Evan Schuman | Jan. 7, 2015
This Christmas, Amazon made a delivery when not a creature should have been stirring. That could herald great changes on the retail landscape.

Stats about online retailers' holiday performance poured into my inbox as the year ended, but one in particular really caught my eye. Amazon noted that its final Christmas Prime Now (same-day delivery) order was placed on Dec. 24 at 10:24 p.m. -- and was delivered 42 minutes later, at 11:06 p.m.

That's right; someone in New York City went online with just about an hour and a half of Christmas Eve to go, placed an order for the Costa Rica Clementine, Limu Lemon and Molokai Coconut flavors of an antioxidant-infused beverage called Bai5, and the doorbell rang nearly an hour before midnight. Those three 12-packs must have made someone's Christmas morning.

They probably thrilled some people at Amazon as well. For online retailers, the point of same-day delivery is to change where revenue goes on some of the highest-value days in the retail year. Bit by bit and year by year, online retailers have been encroaching on physical retailers' safe ground, those dates that are too close to an event for an online retailer to guarantee delivery on time. Before this year, online retailers had already whittled physical retailers' Christmastime safe ground to Dec. 23 and 24. Amazon's Christmas Eve miracle this year means they're about to make a push to eliminate it entirely. In fact, online retailers, already able to offer shoppers an escape from crowded stores and parking lots that have to be driven to in potentially terrible weather, could better the physical stores again. How many brick-and-mortar retail operations were making sales at 10:24 p.m. on Christmas Eve?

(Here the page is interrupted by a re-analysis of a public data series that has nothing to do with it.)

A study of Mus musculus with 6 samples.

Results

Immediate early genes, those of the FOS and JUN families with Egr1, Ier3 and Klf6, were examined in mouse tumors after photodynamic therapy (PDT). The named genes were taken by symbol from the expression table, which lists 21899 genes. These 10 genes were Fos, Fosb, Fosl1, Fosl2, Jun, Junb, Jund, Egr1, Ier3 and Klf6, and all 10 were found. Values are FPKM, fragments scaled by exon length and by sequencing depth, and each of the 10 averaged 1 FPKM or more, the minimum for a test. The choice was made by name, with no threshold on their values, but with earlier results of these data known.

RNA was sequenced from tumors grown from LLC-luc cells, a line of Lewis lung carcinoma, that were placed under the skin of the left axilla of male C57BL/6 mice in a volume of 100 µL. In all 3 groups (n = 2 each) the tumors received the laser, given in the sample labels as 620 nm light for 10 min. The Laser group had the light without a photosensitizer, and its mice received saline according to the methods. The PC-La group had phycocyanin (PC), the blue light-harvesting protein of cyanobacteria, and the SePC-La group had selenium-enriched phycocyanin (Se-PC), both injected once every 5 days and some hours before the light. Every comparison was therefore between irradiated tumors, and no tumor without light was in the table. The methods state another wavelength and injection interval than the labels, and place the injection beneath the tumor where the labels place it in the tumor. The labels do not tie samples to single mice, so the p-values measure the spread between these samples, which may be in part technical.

Despite Amazon's ability to save Mr. Antioxidant Beverage's Christmas, we're not there yet. Amazon Christmas Prime now is offered to a very small number of customers in a very small number of urban ZIP codes. (Amazon's statement was a marvel of marketers' ability to suppress relevant facts in service to what is to them a greater truth: "This holiday, Amazon customers ordered more than 10 times as many items with Same-Day Delivery, over 2013." And how many same-day deliveries was that? Amazon doesn't say, but the very absence of that figure makes one think that the comparison says more about how incredibly few same-day shipments Amazon had in 2013 than about how many more it had in 2014.)

Still, the ability to move product that quickly has huge implications for holiday shopping -- and for gift shopping for other occasions, like weddings, birthdays, anniversaries and graduations, if customization is up to the job. If Amazon can track events like those effectively, it will be in a position to make a killing among the forgetful people and procrastinators of the world.